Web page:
Visiting teacher addresses Buddhism and mental health.
—by Cynthia Shumway
On January 1, 2005, I went to my friend Blake Spalding’s house in Boulder, Utah. At the time, I had no idea what a life-changing event that little visit would turn out to be.
Blake had been telling me about the Buddhist teacher Khentrul Lodro Thaye Rinpoche for over a year and I had been secretly impressed with everything she said. Now, Khentrul was staying in Blake’s yurt and, though I went under the guise of asking a blessing for my son who had been hurt skiing, I carried another truth in my heart: For the last 25 years I had been looking for a teacher of Tibetan Buddhism.
It is always a great pleasure to go to Blake’s, but that winter day was particularly beautiful in Boulder. The air sparkled. As I walked into the yurt, and into Khentrul Rinpoche’s presence for the ﬁrst time, my awareness immediately changed. He was sitting on his bed, because that was the only place to sit, reading a text. The feeling in the room was one of peace and comfort. Upon being introduced, I had a feeling I have never had before or since of deep familiarity and loving connection. Tears of recognition and relief came at an overwhelming rate and I tried desperately to hide them as I didn’t understand what was happening. Really, I was just meeting a stranger with whom I could barely communicate.
Khentrul Rinpoche’s monastery, Mardo Tashi Choling, is in the Amdo region of Tibet, in the northeastern quadrant of the Land of Snows (now known as the Tibetan Autonomous Region). His monastery, which practices in the Nyingma tradition, cares for 300 monks and 100 children. Khentrul, whose name means precious one, had been sent to the West to teach upon the request of His Holiness Moksa Rinpoche, the leader of the Nyingma tradition.
That day in the yurt, two other visitors had come to meet Khentrul. They came prepared to take the vows necessary to enter the Buddhist path to enlightenment. Having been a former Mormon and a life long seeker I was not about to join a “group,” and when Khentrul asked if I wanted to take refuge I said no. But I sat down to watch. The ritual was beautiful and joyous with a meaning that had many layers. I felt happy and peaceful. Suddenly, it felt so wrong to not take refuge with him.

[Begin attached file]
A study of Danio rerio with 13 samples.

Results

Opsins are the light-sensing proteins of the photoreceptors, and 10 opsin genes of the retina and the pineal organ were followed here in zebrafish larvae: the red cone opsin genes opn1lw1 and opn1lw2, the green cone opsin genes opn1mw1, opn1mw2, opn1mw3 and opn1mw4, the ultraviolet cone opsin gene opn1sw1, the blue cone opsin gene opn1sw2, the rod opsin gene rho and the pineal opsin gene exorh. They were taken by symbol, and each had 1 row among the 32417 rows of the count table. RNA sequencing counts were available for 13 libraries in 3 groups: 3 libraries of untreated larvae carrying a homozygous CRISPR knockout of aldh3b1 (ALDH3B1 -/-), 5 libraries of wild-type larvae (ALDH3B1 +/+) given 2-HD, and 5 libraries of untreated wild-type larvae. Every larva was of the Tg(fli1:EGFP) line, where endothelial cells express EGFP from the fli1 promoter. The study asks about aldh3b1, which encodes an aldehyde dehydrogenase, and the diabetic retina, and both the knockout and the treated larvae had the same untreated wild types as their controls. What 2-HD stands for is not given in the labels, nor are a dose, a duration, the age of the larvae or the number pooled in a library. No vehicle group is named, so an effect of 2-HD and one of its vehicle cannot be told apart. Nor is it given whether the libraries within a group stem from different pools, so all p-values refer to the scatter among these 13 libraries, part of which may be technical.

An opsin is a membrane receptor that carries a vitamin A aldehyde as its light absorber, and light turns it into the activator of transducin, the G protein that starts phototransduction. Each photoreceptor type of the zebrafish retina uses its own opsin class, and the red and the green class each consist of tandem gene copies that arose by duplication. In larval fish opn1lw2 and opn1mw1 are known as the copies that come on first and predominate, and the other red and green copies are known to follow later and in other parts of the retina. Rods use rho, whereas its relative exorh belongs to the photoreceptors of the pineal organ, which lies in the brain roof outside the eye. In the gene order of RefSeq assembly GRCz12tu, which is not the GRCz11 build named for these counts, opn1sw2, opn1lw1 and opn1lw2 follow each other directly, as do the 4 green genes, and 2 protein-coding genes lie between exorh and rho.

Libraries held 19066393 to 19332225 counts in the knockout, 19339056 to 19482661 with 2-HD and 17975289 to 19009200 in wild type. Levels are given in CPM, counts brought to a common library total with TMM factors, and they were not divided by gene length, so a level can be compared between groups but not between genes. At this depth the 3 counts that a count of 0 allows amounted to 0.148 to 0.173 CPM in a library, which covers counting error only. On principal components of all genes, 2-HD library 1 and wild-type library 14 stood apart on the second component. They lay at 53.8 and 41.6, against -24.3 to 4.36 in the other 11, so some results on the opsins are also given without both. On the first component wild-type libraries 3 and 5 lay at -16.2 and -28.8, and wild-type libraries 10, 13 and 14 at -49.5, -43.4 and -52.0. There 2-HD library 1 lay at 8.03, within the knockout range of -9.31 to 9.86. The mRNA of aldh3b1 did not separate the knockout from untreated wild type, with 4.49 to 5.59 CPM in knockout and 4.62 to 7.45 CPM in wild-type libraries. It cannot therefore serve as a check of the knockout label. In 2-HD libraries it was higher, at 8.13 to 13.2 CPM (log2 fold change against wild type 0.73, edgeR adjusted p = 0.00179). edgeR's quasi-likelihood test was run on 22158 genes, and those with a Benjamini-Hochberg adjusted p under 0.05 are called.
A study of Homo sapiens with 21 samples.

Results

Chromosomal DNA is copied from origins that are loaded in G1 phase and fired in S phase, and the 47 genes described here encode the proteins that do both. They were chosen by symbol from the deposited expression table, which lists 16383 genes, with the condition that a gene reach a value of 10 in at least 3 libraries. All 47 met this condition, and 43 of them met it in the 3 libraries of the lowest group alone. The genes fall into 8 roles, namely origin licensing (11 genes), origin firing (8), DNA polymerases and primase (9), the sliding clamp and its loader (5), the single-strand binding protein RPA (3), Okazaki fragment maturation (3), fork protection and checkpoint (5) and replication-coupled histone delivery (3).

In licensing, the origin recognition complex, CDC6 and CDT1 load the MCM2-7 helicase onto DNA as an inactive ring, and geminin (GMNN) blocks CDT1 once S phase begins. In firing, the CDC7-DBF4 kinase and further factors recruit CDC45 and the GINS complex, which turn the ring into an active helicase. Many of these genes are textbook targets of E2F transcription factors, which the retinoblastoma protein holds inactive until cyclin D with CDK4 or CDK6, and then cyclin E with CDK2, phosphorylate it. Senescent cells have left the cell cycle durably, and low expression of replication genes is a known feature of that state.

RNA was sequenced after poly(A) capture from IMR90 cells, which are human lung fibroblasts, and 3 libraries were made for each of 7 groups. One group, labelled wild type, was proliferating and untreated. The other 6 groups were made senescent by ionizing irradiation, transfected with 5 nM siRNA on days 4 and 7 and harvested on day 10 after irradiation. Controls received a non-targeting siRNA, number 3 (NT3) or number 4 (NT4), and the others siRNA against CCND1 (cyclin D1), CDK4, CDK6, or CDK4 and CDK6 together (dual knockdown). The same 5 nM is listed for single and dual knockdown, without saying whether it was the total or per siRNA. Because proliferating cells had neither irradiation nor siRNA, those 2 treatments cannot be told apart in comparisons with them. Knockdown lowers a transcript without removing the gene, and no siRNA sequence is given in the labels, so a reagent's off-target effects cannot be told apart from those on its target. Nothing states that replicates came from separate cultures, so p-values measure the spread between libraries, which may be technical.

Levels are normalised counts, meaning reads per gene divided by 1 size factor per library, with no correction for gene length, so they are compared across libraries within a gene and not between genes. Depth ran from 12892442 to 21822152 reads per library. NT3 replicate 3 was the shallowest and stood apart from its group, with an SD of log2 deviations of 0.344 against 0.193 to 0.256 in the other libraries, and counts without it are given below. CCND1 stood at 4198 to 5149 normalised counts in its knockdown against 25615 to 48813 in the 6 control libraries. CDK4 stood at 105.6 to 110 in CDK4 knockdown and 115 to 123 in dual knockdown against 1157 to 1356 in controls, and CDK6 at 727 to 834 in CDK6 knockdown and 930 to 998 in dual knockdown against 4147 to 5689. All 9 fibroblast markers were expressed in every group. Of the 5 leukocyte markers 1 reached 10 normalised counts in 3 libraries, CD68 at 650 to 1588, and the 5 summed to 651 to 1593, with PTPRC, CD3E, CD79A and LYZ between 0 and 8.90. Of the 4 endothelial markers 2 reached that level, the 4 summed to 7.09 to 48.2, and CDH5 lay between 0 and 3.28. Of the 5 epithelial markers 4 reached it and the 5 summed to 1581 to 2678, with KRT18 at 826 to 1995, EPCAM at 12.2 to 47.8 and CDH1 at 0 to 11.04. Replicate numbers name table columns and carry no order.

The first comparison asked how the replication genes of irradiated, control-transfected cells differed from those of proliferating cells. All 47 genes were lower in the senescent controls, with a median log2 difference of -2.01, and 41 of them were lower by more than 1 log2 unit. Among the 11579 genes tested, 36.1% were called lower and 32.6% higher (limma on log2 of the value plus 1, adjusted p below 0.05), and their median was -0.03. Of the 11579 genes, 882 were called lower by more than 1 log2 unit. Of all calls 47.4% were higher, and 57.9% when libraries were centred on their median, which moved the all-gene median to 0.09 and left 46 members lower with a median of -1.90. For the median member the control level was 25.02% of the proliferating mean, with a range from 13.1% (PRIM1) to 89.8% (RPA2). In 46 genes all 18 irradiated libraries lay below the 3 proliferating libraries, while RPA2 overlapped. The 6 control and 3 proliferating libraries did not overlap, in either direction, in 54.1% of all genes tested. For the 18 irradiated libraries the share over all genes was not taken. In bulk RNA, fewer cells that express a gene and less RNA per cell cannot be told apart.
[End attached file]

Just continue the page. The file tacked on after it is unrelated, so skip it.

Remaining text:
A few months later, our local Buddhist community, or sangha, Katog Jana Ling (“the place of peace and wilderness”) brought Khentrul to Salt Lake City to offer his first Teaching. Since then he has come once or twice a year. Our sangha has grown in its commitment to supporting the dharma and compassion in action.
Recently, when Khentrul Rinpoche was in town offering a teaching on Transforming Suffering into Happiness, he announced that he was arranging a guest visit by Khenchen Tsultrim Lodro Rinpoche, a teacher whom many have recognized as a reincarnate lama, though he has never accepted such a title.
Khenchen Tsultrim Lodrö Rinpoche is recognized as the foremost disciple of one of the greatest masters of the century, Khenpo Jigme Phuntsog Rinpoche.
Khenchen Tsultrim Lodrö travels throughout Tibet promoting environmental protection, a vegetarian diet, AIDS and public health awareness and education. In particular, he has founded libraries and schools in numerous Tibetan regions and has collaborated with prestigious scholars to compile Chinese-English-Tibetan dictionaries, aspiring to bring the Tibetan people modern knowledge in their own language.
Khenchen will speak on how Buddhist practice beneﬁts our mental health and how that experience can extend into our values and daily actions. The weekend teaching will address the Nectar of the Heart, “a song of realization” poem composed by the great 18th century Tibetan saint, Jamyang Khyentse Wangpo. It presents advice for cultivating wisdom and compassion based on his personal experience of parting from the four attachments.
I invite you to set the intention to attend his public talk and from this moment forward to create an environment in your mind that will welcome his words into the deepest part of your self and, most importantly, to joyfully recognize the wonder of a great being coming to our city to bless us with his wisdom.
Cynthia Shumway, LCSW, is a practicing social worker and Buddhist in Salt Lake City.
Public talk: Buddhism, Mental Health, and Contemporary Values (teachings with Khenchen Tsultrim Lodrö Rinpoche)
Friday, April 29, 7-9pm
Rowland Hall (Larimer Center), 843 So. Lincoln St.
Suggested Donation: $15
Weekend teaching: Nectar of the Heart—A Song of Realization (with Khenchen Tsultrim Lodrö Ripoche)
Saturday, April 30, 10am-12pm & Sunday May 1, 2-5pm
Ballroom in the University of Utah Guesthouse, 110 Fort Douglas Blvd.
Suggested donation: $50-$75/day. No one will be turned away for lack of funds.